Wednesday, November 3, 2010
Today I was given some really delicious biscotti from a friend, and thought that biscotti make a great gift from your kitchen. You can dress up the gift by putting the biscotti into a coffee mug, and adding chocolate spoons for stirring, and a 1/2 pound of Italian Roast Coffee.
These biscotti are addictive, with their bittersweet chocolate notes, off set by salted almonds and milk chocolate chunks. I usually make several batches, and they freeze beautifully if you want to get a head start on your holiday baking.
Chocolate Almond Biscotti
2 Cups all-purpose flour
½ cup Dutch processed cocoa powder
1 Tablespoon instant espresso powder
½ teaspoon baking powder
¾ teaspoon salt
½ cup butter, salted, room temperature
½ cup sugar
½ cup dark brown sugar, packed
1 teaspoon vanilla extract or vanilla paste
1 cup chopped dry roasted salted almonds
1 cup milk chocolate chips
Preheat oven to 350 degrees. Line the baking sheet with parchment or silicone pan liner.
Sift together flour, cocoa powder, espresso powder, baking powder and salt.
In a large mixing bowl, beat butter and sugar till light and fluffy.
Scrape down bowl; add eggs, one at a time. Add vanilla and beat till light and fluffy again, approximately 2 minutes. Scrape down bowl.
Add flour mixture slowly, mixing till combined.
Add chopped nuts and chocolate chips. Mix till just combined.
Divide dough in half and roll each piece into a 12-inch cylinder. Pat down cylinder to 1 inch thick and 2 inches wide.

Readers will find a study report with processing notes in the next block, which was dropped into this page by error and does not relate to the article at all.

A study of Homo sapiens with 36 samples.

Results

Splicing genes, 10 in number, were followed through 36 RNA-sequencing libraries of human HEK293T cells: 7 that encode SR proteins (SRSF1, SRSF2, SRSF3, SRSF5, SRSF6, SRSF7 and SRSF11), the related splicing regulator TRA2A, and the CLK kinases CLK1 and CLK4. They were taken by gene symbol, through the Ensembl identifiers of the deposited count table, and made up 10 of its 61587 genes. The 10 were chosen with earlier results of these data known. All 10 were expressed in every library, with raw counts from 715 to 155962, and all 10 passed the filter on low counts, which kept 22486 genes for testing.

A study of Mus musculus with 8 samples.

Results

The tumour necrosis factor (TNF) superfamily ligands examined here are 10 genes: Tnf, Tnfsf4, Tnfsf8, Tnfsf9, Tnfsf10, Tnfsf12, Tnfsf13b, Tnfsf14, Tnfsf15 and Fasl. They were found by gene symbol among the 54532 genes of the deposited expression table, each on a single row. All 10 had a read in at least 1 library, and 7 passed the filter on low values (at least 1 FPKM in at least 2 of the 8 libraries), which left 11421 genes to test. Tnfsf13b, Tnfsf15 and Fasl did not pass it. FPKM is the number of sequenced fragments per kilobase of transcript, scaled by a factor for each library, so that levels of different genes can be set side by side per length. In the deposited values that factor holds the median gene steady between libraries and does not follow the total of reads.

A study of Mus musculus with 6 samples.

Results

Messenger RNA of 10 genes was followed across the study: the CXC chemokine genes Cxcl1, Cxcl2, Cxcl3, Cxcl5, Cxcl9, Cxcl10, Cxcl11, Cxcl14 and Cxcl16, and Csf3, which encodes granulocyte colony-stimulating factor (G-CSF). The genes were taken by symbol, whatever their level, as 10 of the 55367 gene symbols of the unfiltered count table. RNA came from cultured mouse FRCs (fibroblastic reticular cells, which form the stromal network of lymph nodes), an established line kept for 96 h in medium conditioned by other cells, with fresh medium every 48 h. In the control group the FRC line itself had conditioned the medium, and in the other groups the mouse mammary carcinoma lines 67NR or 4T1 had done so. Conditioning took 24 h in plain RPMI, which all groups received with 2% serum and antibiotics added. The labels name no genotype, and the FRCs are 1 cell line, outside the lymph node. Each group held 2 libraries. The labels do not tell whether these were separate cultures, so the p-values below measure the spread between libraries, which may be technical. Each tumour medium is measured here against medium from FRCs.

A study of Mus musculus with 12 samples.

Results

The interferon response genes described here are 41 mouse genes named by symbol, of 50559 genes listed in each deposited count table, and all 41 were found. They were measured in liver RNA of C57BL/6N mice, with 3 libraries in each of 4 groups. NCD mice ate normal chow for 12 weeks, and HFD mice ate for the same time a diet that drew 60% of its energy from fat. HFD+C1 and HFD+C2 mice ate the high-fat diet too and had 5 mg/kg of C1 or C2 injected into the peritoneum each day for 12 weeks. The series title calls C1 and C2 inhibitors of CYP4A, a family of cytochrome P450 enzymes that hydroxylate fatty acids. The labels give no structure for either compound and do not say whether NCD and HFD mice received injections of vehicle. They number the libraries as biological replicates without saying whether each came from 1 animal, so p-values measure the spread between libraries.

Bake for 30 minutes.
Remove baking sheet from oven and let cool at least 15 minutes. You can let them cool for hours at this point if you run out of time and continue later, or you can freeze the cooled logs for a later date.
With a long serrated knife, cut each log into ¾ slices. Stand slices onto prepared baking pan, 1 inch apart. Cookies can lie down flat onto the baking sheet, but I feel you get a nicer bake upright.
Bake 15 to 20 minutes more. Cookies should not be soft.
Remove to wire racks to cool completely, store in airtight containers for up to 2 weeks at room temperature or freeze for up to two months.
Adapted from Tate's Bake Shop Recipe of the Month
I'll be teaching tonight at KitchenArt in West Lafayette, IN, and then heading to Bloomington tonight and on to the East Coast tomorrow. The temperature here this morning was 29 degrees, so I'm off to find some woolie things to wear, wish me luck! Enjoy your day, I'll be back tomorrow with more.